Art in Doubt: A Critical Examination of the Thomas P. Whitney Collection, Part 1

Sept. 22, 2023–Mar. 1, 2024

Gallery, Amherst Center for Russian Culture

Free and open to the public, Monday-Friday, 9am-4pm.
  • Curated by Maria Timina,  Curator of Russian and European Art, Mead Museum
  • The first curator's talk will be on Tuesday, October 3rd at 3pm. 
  • Additional curator's talks and related events to be announced.

“I had my own experiences with problems of authenticity. I have been offered fakes. At one point the problem had me bothered enough so that I almost decided to abandon purchasing anything at all.”

—Thomas P. Whitney ‘37


Anna Kagan, formerly attributed to. Suprematist Composition, 20th century. Gouache on canvas. Mead Art Museum. Gift of Thomas P. Whitney (Class of 1937)

This is an exhibition about suspected fakes and possible forgeries, about works that cause us to doubt history, experts, and art itself. With a focus on the Thomas P. Whitney Collection housed at the Mead Art Museum, “Art in Doubt” marks the first scholarly presentation of dubious works of the Russian and Soviet avant-garde in the United States. The first part of the two-part exhibition—with the second iteration opening in Spring 2024—features exclusively non-objective compositions that were highly sought-after by collectors and were also believed to be more easily forged.

In the 1960s,  Westerners discovered the experimental modern art produced in the Russian Empire and the early Soviet Union, and it became popular among art enthusiasts and professionals of all kinds. This resulted in an unprecedented demand for what was named Russian avant-garde art. Banned in the Soviet Union, these works were extremely hard to find in the West. This lack of available artworks on the market, combined with the lack of knowledge and experts in the field, created ideal conditions for forgers. In the most extreme cases, entire biographies and legacies have been fabricated, as happened to Anna Kagan, an artist also featured in the exhibition.

Unlike numerous other collectors who were unaware of the scale of the problem, Thomas P. Whitney ‘37 (1917–2007) strove to avoid dubious works as much as possible. The ubiquity of fakes concerned him so much that he considered giving up his passion for collecting entirely. Fortunately, Whitney chose to continue, and he assembled one of the most important private collections of its kind in the West.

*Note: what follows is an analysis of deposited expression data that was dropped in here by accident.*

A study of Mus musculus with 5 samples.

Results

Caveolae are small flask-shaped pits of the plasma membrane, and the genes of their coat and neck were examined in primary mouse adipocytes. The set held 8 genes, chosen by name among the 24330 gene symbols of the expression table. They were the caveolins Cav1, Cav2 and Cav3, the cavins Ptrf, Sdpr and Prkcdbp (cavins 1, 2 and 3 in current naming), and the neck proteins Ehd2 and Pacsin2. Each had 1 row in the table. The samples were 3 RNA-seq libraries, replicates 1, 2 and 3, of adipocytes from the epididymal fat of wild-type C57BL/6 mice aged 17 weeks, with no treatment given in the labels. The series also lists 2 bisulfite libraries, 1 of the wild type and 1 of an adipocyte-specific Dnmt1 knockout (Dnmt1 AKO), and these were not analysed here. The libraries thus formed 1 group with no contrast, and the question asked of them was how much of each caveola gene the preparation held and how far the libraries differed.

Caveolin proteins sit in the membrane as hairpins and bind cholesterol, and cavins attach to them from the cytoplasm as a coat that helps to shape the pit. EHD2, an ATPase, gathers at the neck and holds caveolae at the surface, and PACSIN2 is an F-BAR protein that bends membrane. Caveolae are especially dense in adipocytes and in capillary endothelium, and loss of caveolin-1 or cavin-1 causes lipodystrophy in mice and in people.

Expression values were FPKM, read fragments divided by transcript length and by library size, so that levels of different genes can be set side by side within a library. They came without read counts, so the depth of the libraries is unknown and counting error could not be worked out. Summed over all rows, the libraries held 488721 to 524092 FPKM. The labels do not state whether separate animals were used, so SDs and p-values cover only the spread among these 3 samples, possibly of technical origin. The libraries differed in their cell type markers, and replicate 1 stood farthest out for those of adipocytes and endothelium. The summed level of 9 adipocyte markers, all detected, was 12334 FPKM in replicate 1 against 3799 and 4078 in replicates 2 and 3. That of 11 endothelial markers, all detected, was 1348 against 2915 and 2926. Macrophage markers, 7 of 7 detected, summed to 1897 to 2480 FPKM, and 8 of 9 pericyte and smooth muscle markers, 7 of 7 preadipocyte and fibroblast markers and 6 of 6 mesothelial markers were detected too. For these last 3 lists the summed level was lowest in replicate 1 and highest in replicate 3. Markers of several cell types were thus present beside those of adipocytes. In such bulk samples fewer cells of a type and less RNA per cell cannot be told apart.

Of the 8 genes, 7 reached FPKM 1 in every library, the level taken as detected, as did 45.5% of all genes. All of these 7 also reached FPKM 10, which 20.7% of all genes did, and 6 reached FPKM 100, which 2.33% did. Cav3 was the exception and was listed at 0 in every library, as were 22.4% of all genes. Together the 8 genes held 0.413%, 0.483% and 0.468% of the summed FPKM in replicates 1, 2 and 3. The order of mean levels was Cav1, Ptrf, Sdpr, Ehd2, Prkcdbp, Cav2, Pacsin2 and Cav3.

The collection comprises over six hundred artworks, largely acquired before the Soviet Union’s collapse paved the way to an open art market and a true epidemic of fakes. This timing, paired with Whitney’s careful approach to collecting, has resulted in surprisingly few spurious artworks in his collection.

But, as Whitney knew, some works would still slip through. The current exhibition examines those objects, while displaying them alongside archival documents: correspondence, invoices, and statements made by a number of experts. Put together, they lift the veil on how museum curators approach the task of authenticating the art in their care.

Fragments of Utopia: Photographs from the VKhUTEMAS Workshops

Amherst Center for Russian Culture

The photographs featured in the exhibition show models created by the students of the VKhUTEMAS in response to various exercises—largely on the topics of volume and space—assigned by their professors, as well as projects of their own creation, from film sets to architectural projects. These materials are drawn from the archive of Selim Khan-Magomedov (1928-2011)—among the most prominent scholars of Soviet avant-garde art and architecture—who mainly acquired them from the VKhUTEMAS alumni Nikolai Travin, Mikhail Korzhev, and Ivan Lamtsov.

Kharkiv—Requiem: Destruction of Cultural Sites

Amherst Center for Russian Culture

In the wake of ongoing Russian bombardments of non-military targets in Ukraine, the art historian Konstantin Akinsha, the curator of Sviatoslav Ostrous’s Kharkiv-Requiem, asked: Would “urbicide,” that is, the murder of a city and its people, become the tactic of choice in the “methodical destruction” of Ukrainian cities and the cultural heritage and people who inhabit them? We focus on Kharkiv to exhibit Ostrous’s remarkable series of photographs—but we do so while thinking of the whole of Ukraine in the defense of its freedom.

The Wayland Rudd Collection

Amherst Center for Russian Culture

“The Wayland Rudd Collection,” a conceptual project by the artist Yevgeniy Fiks, assembles an archive of visual works testifying to the Soviet Union's engagement with race relations in the United States and decolonization efforts in Africa. Rudd, the Collection's namesake, left America for the Soviet Union in the 1930s to pursue his ambitions of becoming a stage actor whose career would be unhindered by racial discrimination in America.

One Scholar, One Work: Masterpieces from the Thomas P. Whitney Collection of Russian Art

Amherst Center for Russian Culture

This exhibition is about the art of close looking. Over the next four months, we will exhibit one artwork — indeed, one masterpiece — from the Whitney Collection of Russian Art. We invite you to come to contemplate the artwork in the Gallery of the Amherst Center for Russian Culture (ARCR) on the second floor of Webster Hall. Each month, we will be joined by a renowned art historian to discuss the work with us.